By: John Lee
Often times when a person borrows money, the lender will require the borrower to have a co-signer. The lender requires a co-signer because the lender does not believe the borrower will repay the debt. The co-signer is fully responsible for the debt, if not immediately upon signing the contract, then upon the principle borrower defaulting. Frequently, I see co-signers on bank notes, furniture loans, apartment leases and car loans. In most cases there is no legal distinction between a borrower and a co-signer. In the vast majority of cases, the borrower and co-signer have the exact same liability. Clients will often try to draw a distinction between the person that received the benefit of the loan (the car, furniture, money, etc) and the co-signer (the person that received nothing other than love and affection from the borrower). However, this distinction has almost no meaning when it comes to the lender collecting the debt.
Typically, my client will want to know what will happen to the co-signer when he or she files bankruptcy? Of course this makes sense because the co-signer is usually a parent, sibling or close friend. In the vast majority of cases, the lender will pursue collection activity against the co-signer upon the debtor filing bankruptcy. In most cases, bankruptcy only protects the person filing, and does not offer any protection to the co-signer(s).
The next question is, “will my bankruptcy impact my co-signers credit report?” In most cases, the Lender will report to the co-signers credit report that another party to the account filed bankruptcy. This means the fact that a co-signer filed bankruptcy will show up in the account section of the credit report. The debtor's bankruptcy will not show up in the legal section of the co-signers credit report. Most Lenders understand that a co-signer has little control over a third party filing bankruptcy, and this will not be held against the co-signer. However, if the co-signer does not make arrangements to pay the debt upon the debtor's default; the negative reporting for late payments and default will impact the co-signer's credit report.
The debtor can offer his co-signer a bit of protection by filing a Chapter 13 Bankruptcy. In Chapter 13 bankruptcy the debtor can propose to pay the debt back in full through his Chapter 13 Plan. If the debtor repays the creditor in full through his plan, then the creditor will most likely not bother the co-signer. However, if the debtor only pays back a discounted amount, then the creditor can go after the co-signer for the remaining balance. Also, if the debtor does not pay back the full interest rate in the Chapter 13, the Lender can pursue the unpaid interest from the co-signer. Often a debtor will choose to not file a Chapter 13 bankruptcy to protect a co-signer because the debtor's monthly plan payments would be too high with a 100% creditor repayment. If the debtor does not propose to fully repay the Lender in the Chapter 13 Plan, then the Lender can file a Motion for Relief to pursue claims against the co-signer.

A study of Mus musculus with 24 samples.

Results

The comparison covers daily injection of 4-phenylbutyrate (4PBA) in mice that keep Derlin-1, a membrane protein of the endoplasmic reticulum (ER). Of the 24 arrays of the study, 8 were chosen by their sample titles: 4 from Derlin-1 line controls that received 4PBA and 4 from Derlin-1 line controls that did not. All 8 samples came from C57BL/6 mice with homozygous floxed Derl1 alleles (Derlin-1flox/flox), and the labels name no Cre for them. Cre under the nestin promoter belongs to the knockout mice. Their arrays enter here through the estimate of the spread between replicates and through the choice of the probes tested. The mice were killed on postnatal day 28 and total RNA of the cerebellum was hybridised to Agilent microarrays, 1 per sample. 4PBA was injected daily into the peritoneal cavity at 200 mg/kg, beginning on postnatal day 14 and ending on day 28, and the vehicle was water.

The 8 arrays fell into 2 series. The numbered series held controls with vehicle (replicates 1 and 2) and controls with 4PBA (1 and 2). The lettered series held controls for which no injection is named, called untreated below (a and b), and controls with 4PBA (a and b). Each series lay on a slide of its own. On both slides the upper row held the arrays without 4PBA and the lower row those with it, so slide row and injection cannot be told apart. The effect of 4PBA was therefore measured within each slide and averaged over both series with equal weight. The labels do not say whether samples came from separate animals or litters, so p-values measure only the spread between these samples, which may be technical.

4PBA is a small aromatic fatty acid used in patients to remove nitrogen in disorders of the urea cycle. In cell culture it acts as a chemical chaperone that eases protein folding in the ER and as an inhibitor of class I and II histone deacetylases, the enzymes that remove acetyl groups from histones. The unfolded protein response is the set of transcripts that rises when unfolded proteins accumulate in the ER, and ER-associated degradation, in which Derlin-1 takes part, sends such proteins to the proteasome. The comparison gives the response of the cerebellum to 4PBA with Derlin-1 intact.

If the debtor wishes to protect his co-signer from negative credit reporting and collection tactics, then the only real solution is to continue paying the debt throughout the bankruptcy and until the debt is completely repaid. If the debtor fails to make the regular monthly payments, the Lender will pursue all normal collection activities against the co-signer; including, seeking a judgment and garnishment of wages. If the co-signed debt is a car or furniture loan, then the debtor can, in most cases, simply keep paying the debt until it is paid off and the co-signer is safe. If the co-signed note is a repossessed car or large credit card debt, then, in most cases, the debtor does not have the means to pay the debt and the co-signer will be facing sever collection tactics including judgment and garnishment. Many times the person in my office seeking to file Bankruptcy is not the primary borrower, but the co-signer that got stuck with the bill when the primary borrower defaulted on the loan.
The ultimate reason that Lenders require co-signers on loans is so that they have someone to pursue for a debt when the primary borrower defaults and files for bankruptcy. The Lenders have a tremendous amount of experience in determining who will repay their debts and who will not. If a Lender requires a co-signer it's because they know there is high probability of default. If your friend or family member asks you to co-sign a loan for them you should know that there is a very good chance that your family member will default on the loan and the Lender will come after you. In many cases, co-signing a loan for a friend or family member is a persons first step towards filing bankruptcy. The attorneys at John W. Lee, P.C. have many years of experience in helping debtors file bankruptcy and stop garnishments. If creditors are harassing you, or you can't keep up with your monthly payments, then call us to set up a free consultation with one of our attorneys.